About 1,000 people, including several U.S. congressmen, rallied yesterday to protest a planned remodeling of the West Front of the Capitol.
The noon rally on the Capitol steps, sponsored by the American Institute of Architects and the National Trust for Historic Preservation, added fire to the debate over a $73 million proposal to add congressional office space near the Senate and House chambers by rebuilding the West Front.
Sixteen sandstone blocks crumbled from the West Front April 27.
David Meeker Jr., executive vice president of the American Institute of Architects, told the crowd that restoration, not expansion, of the West Front was what was needed. The AIA has voiced strong opposition in the past to plans to modify the last remaining original wall of the building, whose cornerstone was laid by George Washington.
The AIA and the Trust for Historic Preservation not only object to the proposed modification, but also say that the vista of the Capitol dome would be partially obscured by projecting the building's wall an additional 38 feet out onto the grounds, as currently proposed. The plan will be considered by the House Appropriations Committee next week.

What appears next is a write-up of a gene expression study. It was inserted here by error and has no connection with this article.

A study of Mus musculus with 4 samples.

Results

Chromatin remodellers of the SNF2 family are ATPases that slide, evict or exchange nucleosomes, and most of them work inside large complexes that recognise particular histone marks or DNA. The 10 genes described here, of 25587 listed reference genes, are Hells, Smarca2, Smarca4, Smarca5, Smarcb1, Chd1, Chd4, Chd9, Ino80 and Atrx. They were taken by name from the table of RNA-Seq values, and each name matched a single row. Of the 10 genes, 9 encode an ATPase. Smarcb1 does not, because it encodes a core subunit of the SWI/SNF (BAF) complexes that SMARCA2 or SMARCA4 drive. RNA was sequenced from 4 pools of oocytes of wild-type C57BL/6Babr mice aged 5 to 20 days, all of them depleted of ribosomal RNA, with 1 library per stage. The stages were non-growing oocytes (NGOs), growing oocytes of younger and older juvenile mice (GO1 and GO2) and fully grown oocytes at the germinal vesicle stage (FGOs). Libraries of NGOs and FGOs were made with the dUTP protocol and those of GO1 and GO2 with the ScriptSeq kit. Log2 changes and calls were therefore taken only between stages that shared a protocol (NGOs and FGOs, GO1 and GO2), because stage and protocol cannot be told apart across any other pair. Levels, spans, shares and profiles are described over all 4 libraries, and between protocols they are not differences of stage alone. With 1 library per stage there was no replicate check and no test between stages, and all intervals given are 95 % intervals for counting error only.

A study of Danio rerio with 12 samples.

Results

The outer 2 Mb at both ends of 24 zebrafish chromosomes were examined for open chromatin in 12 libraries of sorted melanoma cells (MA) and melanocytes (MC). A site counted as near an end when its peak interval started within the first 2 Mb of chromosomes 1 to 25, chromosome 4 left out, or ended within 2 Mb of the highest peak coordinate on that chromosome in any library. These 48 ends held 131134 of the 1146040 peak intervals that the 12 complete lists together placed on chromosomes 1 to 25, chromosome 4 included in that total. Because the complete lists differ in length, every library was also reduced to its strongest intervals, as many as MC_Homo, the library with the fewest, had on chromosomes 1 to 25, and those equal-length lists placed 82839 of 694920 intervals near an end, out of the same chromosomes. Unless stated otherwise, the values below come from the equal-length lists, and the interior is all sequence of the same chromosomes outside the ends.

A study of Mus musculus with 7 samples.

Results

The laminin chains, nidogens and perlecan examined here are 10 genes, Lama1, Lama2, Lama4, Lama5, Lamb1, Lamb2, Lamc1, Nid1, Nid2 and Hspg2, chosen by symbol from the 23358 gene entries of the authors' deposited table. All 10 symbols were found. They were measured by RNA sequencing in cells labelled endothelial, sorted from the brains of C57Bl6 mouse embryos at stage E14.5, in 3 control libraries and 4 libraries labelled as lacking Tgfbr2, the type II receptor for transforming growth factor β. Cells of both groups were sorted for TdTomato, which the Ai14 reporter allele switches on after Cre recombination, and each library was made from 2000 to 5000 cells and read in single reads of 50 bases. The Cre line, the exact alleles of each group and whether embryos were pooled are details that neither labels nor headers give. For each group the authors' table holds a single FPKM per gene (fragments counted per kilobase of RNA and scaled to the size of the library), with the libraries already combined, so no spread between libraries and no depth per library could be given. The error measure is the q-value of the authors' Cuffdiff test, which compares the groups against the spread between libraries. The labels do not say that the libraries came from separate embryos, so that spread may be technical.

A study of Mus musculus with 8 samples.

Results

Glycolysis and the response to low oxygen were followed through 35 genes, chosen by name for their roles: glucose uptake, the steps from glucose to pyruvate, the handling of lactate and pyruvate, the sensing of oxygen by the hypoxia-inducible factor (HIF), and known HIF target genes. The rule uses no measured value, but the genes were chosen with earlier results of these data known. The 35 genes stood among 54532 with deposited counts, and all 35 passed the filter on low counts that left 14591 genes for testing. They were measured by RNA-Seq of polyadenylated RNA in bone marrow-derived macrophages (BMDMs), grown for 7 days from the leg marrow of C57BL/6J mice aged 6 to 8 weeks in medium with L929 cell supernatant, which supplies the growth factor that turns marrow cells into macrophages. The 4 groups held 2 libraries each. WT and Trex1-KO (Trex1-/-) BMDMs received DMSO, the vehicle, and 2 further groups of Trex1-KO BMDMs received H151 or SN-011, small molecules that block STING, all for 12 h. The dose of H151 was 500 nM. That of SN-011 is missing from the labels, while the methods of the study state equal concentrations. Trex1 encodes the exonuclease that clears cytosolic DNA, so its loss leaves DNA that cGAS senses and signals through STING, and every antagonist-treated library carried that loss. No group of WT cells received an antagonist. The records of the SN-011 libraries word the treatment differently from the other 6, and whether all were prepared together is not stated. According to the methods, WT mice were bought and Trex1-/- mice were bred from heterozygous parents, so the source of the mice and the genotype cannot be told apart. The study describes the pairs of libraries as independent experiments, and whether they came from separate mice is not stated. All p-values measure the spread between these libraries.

At yesterday's noon rally, Sen. Alfonse D'Amato (R-NY) brought up the subject ofbudget reductions. He said that Capitol Architect George White's proposed budget of $73 million for expanding the West Front could expand to $200 million once inflation, interior costs and furniture were included.
A fellow New Yorker, representative Samuel S. Stratton (D-NY) had fewer figures but more fire. "You wouldn't change the design of St. Patrick's Cathedral to make room for a place to play bingo in, would you?" he asked the mostly young, dressed-for-success crowd. They shouted a loud "No!" and waved small American flags in reply. "Well, we don't want to deface the Capitol just because some people want a few extra offices!" he said, and was cheered again.
"The crumbling of part of the West Front's facade brought to the attention of the Congress that the issue of restoration can't be stalemated any longer," said Raymond P. Rhinehart, a spokesman for the AIA.